This question usually arises because there seems to be no reasonable explanation. There is growing evidence that political power leads to diseases of the mind. What Kenneth Clark calls in his seminal work, The Pathos of Power. This is an old, old story of politics and leaders of all kinds. What inspired me to think about this is a 282-page book titled Cult of the Will, published by Gerard A Besson, and containing strident remarks about the deceptions and the “deranged” political personality of the late Dr Eric Williams.
But before we get into some aspects of Besson’s book, I feel obliged to comment very briefly on the “pathology of politics,” a subject which caused JL Talmon to write a book titled The Origins of Totalitarian Democracy. Last September in Jamaica, during my address to Caribbean political party officials on election financing and democracy, a Grenadian party official asked me: “Why is it in the Caribbean, people appear and behave one way and as soon as they become elected as politicians they grow so arrogant, so different as if something gone wrong with them?”
The audience burst out laughing. PNM Opposition Leader, Dr Keith Rowley and Professor Selwyn Ryan, also present, smiled, knowingly it seemed. Yes, I too have seen the phenomenon in some of my own university colleagues who got elected. This ego-enhancing transformation has been a fascinating subject in psychopathology for ages, quite notably by Harold Lasswell, Sigmund Freud, Abraham Maslow and Carl Jung.
More and more, nurtured by excessive hero-worshipping and unchecked patronage, the diseased manifestations of political power — self-delusion, self-acclamations, bruising arrogance, unwarranted extravagance, thin-skinned, vengeful, etc. — all begin to inflict themselves upon a rather helpless public — at least for a time. Soon, the politician becomes a prisoner, a victim really, of his or her, search for further but scarcer gratifications, meandering between fleeting ecstasy and deep depression. Some get the sickness sooner than others.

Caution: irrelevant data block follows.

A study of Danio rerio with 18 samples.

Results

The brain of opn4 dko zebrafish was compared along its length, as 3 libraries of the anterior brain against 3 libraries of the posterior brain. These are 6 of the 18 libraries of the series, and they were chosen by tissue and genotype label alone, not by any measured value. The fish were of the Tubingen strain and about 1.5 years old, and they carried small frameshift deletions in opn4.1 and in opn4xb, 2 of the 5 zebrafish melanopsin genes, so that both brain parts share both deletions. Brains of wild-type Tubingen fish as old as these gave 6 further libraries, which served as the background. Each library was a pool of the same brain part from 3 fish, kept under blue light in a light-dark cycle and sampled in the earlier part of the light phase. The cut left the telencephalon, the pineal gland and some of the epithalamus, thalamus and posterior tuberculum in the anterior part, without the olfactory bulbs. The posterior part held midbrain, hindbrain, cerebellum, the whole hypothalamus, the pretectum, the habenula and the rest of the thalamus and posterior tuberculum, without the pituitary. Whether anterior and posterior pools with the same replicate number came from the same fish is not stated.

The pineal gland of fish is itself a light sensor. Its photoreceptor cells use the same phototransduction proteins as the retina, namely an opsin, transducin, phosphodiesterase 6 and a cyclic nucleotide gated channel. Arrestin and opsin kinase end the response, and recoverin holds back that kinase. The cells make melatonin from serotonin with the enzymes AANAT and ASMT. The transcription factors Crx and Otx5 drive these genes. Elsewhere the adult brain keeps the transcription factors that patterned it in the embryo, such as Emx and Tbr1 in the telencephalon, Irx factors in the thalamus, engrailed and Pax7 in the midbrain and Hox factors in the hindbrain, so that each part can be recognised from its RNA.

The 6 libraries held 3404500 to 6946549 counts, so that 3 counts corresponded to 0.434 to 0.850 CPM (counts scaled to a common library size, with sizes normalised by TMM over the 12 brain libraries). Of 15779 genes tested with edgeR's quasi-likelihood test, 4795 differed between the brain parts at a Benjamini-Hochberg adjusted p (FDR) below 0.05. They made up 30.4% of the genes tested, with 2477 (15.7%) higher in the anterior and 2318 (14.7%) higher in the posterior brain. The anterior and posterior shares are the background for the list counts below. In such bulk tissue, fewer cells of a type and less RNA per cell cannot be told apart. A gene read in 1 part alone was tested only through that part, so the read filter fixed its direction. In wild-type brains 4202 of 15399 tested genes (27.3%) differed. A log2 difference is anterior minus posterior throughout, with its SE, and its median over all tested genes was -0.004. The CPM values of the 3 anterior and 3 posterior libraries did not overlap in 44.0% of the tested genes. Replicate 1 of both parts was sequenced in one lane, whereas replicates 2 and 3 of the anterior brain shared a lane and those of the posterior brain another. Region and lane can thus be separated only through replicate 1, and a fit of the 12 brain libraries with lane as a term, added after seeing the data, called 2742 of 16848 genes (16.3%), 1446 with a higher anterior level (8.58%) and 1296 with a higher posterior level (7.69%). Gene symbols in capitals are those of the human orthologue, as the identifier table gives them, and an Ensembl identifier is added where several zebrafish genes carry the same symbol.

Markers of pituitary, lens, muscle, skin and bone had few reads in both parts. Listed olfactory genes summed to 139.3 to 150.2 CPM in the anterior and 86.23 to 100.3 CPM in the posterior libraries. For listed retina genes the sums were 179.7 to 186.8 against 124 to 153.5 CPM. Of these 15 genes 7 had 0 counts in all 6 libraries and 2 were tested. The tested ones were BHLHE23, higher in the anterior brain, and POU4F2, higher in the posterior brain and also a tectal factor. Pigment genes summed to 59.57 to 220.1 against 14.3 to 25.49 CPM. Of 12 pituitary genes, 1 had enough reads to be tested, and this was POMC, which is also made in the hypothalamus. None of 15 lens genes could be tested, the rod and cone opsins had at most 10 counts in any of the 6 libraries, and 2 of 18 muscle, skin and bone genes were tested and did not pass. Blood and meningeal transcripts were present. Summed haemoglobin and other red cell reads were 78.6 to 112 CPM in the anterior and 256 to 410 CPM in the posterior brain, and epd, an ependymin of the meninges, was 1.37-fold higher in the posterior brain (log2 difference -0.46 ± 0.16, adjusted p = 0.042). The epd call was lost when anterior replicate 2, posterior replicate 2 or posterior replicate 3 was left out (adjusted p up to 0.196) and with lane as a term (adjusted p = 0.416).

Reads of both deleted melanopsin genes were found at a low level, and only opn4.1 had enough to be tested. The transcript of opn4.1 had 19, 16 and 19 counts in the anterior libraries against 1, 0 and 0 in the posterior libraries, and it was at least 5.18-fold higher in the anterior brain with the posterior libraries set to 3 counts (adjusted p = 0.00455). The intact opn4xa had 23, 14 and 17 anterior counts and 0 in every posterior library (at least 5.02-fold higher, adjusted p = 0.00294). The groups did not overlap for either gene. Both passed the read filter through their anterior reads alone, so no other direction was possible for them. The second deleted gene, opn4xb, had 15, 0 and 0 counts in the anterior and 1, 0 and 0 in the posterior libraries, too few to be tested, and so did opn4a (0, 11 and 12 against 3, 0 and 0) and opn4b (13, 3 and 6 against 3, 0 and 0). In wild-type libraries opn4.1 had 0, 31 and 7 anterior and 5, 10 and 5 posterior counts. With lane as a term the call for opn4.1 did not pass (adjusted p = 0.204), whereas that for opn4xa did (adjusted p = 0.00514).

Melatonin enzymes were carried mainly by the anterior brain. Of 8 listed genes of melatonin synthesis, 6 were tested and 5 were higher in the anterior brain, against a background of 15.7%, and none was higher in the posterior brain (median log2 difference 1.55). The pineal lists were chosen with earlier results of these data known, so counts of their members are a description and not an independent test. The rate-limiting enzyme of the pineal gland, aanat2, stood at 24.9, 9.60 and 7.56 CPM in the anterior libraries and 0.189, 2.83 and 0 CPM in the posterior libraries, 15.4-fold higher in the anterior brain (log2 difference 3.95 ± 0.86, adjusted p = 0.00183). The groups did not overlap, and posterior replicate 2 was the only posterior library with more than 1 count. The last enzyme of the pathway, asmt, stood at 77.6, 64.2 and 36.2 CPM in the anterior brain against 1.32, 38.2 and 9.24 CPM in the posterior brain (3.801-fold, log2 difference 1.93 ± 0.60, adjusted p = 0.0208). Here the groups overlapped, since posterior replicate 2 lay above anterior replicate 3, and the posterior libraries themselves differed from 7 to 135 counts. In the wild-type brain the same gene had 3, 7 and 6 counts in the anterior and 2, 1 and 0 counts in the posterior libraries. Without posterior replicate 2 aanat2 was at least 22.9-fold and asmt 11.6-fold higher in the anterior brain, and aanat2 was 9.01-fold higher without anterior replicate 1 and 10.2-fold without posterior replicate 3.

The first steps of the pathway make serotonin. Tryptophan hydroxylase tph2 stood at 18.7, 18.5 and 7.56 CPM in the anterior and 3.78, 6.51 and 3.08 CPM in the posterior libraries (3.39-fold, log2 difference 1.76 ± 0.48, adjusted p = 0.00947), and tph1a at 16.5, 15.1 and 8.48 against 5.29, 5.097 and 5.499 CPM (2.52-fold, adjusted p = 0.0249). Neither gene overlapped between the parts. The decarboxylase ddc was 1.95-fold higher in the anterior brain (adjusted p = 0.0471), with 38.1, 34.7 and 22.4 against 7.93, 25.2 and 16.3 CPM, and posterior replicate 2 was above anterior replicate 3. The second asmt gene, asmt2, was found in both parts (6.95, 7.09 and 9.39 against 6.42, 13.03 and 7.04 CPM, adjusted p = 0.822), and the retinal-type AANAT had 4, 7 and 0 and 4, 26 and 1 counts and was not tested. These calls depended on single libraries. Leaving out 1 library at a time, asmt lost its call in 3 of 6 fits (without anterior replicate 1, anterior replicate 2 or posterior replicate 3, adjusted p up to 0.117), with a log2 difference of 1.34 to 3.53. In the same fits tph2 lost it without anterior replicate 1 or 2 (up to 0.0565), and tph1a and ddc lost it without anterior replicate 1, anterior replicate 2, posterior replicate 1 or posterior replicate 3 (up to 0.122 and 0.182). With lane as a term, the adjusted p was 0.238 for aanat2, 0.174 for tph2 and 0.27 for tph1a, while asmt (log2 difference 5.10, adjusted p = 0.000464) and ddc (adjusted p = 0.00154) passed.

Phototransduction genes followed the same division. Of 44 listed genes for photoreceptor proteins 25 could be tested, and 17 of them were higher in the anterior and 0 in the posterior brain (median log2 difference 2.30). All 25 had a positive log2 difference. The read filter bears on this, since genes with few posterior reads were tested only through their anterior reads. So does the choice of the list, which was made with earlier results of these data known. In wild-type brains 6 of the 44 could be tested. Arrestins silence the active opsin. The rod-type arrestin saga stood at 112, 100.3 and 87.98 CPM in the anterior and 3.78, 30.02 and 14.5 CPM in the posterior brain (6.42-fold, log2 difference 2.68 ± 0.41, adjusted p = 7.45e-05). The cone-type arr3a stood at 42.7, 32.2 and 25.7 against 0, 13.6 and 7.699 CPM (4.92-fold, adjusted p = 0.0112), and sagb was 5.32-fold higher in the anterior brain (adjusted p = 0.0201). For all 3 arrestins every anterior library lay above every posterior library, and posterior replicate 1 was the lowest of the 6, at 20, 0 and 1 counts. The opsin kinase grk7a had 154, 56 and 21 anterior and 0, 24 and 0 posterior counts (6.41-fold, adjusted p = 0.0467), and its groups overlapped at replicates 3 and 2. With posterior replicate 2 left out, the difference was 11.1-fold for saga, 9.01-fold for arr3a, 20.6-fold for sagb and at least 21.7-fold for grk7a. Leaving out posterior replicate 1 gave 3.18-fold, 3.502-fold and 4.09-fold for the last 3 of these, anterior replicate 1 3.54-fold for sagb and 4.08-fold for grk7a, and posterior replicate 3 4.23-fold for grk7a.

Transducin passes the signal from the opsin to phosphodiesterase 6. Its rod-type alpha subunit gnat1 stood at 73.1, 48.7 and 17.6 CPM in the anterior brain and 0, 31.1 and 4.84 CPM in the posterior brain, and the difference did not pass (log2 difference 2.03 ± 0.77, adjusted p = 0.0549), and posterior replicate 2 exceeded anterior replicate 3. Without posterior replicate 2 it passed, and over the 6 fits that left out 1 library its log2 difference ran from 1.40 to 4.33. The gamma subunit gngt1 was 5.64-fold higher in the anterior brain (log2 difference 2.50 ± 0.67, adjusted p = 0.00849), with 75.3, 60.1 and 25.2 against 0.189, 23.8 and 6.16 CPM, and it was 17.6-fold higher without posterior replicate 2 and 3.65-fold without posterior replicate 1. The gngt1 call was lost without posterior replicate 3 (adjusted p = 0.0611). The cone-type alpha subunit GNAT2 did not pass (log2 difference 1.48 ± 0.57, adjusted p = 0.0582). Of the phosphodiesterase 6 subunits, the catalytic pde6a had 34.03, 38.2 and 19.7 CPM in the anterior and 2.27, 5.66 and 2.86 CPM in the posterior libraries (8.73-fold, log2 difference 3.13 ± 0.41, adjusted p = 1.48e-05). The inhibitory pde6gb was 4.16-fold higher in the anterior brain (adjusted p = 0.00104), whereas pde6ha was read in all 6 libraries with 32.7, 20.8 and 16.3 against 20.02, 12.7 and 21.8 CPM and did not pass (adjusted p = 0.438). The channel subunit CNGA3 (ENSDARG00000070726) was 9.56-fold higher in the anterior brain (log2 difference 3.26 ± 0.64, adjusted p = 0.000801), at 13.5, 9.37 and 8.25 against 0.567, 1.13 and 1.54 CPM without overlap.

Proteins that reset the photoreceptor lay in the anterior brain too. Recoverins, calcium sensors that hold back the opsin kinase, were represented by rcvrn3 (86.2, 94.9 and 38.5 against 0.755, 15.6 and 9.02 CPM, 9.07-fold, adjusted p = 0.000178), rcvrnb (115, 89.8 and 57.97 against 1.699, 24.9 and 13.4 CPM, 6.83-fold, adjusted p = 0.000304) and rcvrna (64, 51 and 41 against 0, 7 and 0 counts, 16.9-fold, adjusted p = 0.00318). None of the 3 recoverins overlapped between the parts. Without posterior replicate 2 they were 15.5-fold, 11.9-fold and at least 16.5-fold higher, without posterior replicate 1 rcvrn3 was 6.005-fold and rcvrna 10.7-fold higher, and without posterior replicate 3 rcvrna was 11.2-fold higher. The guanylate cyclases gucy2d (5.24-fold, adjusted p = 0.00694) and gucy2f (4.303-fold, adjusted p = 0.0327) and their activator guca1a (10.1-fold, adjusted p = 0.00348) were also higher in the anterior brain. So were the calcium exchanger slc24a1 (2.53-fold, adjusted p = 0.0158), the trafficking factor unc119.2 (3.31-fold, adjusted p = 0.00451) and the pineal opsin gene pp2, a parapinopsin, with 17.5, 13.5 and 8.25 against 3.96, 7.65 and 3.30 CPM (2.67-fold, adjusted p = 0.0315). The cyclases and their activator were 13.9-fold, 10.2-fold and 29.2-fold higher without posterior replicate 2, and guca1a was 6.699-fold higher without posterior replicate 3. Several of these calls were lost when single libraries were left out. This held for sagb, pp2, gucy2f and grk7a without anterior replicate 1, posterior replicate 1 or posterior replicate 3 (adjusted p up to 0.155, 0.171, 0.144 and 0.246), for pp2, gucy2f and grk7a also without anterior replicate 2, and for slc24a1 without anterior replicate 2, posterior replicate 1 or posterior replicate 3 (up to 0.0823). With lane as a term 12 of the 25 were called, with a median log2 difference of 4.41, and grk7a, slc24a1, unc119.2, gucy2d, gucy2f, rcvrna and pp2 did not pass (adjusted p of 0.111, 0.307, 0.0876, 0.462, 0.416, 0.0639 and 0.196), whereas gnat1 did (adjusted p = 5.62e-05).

With irritating insecurity, the politician gets a craving for more and more praise and reassurances, easily falling prey to a tightened circle of benefitting flatterers. This latter condition has been ascribed to Besson’s major subject, Eric Williams, by quite a few local commentators. However, as we also know, Williams still has his admirers who see his personality and deeds in more flattering terms. Besson’s book got reviews by John La Guerre, Selwyn Cudjoe, Brinsley Samarro and Selwyn Ryan. Then by columnists Marion O’Callaghan and Kevin Baldeosingh. For reasons of space, I will deal briefly with the second part of his two-part book — an explanation of victimhood and political mobilisation. Besson made a bold denunciation of the late Dr Eric Williams’ economic explanation for the abolition of slavery. Rather, Besson asserted both Williams and CLR James conveniently ignored the humanitarian anti-slavery movement and that Williams in particular, used a “victimhood” ideology to arouse black nationalism and achieve political victory. The reviewers could not resist dealing with the “victimhood” argument by Besson. The cult of the will, as he argues, creates a rather permanent condition of historically-generated victimhood, over one hundred years, and as sold by Williams and enthusiastically purchased by blacks. Cudjoe called this “a cruel accusation.”
If Besson had used Williams’ victimhood framework as a platform, then used contemporary political patronage, along the East West corridor for example, to link victimhood with what Besson clearly sees as continued “psychological dependency,” then his overall thesis might have gained further ground. But generally, in such subjects, social science inquiry, which is what Besson attempted in the later part of his book, finds great difficulty in linking cause and effect.
If Williams’ was an example of victimhood, it seemed to originate not so much from the historically-driven “cult” but self-inflicted through the psychological trappings of saturated political power. The way in which Besson presents his arguments is more courageous than many of us who prefer to be a bit more circumspect on such matters. And perhaps, there lies part of the value of his book. You know where he stands and you therefore know where to shoot. In a sense, Besson was trying to establish a level playing field for the society, a dismembering of a troublesome past for a more harmonious civic comradeship. But with early capitalism, slavery and indentureship as they were, how many will listen to this?
Professor Ramesh Deosaran (Emeritus) is author of “A Portrait of Political Power,” and Former Independent Senator.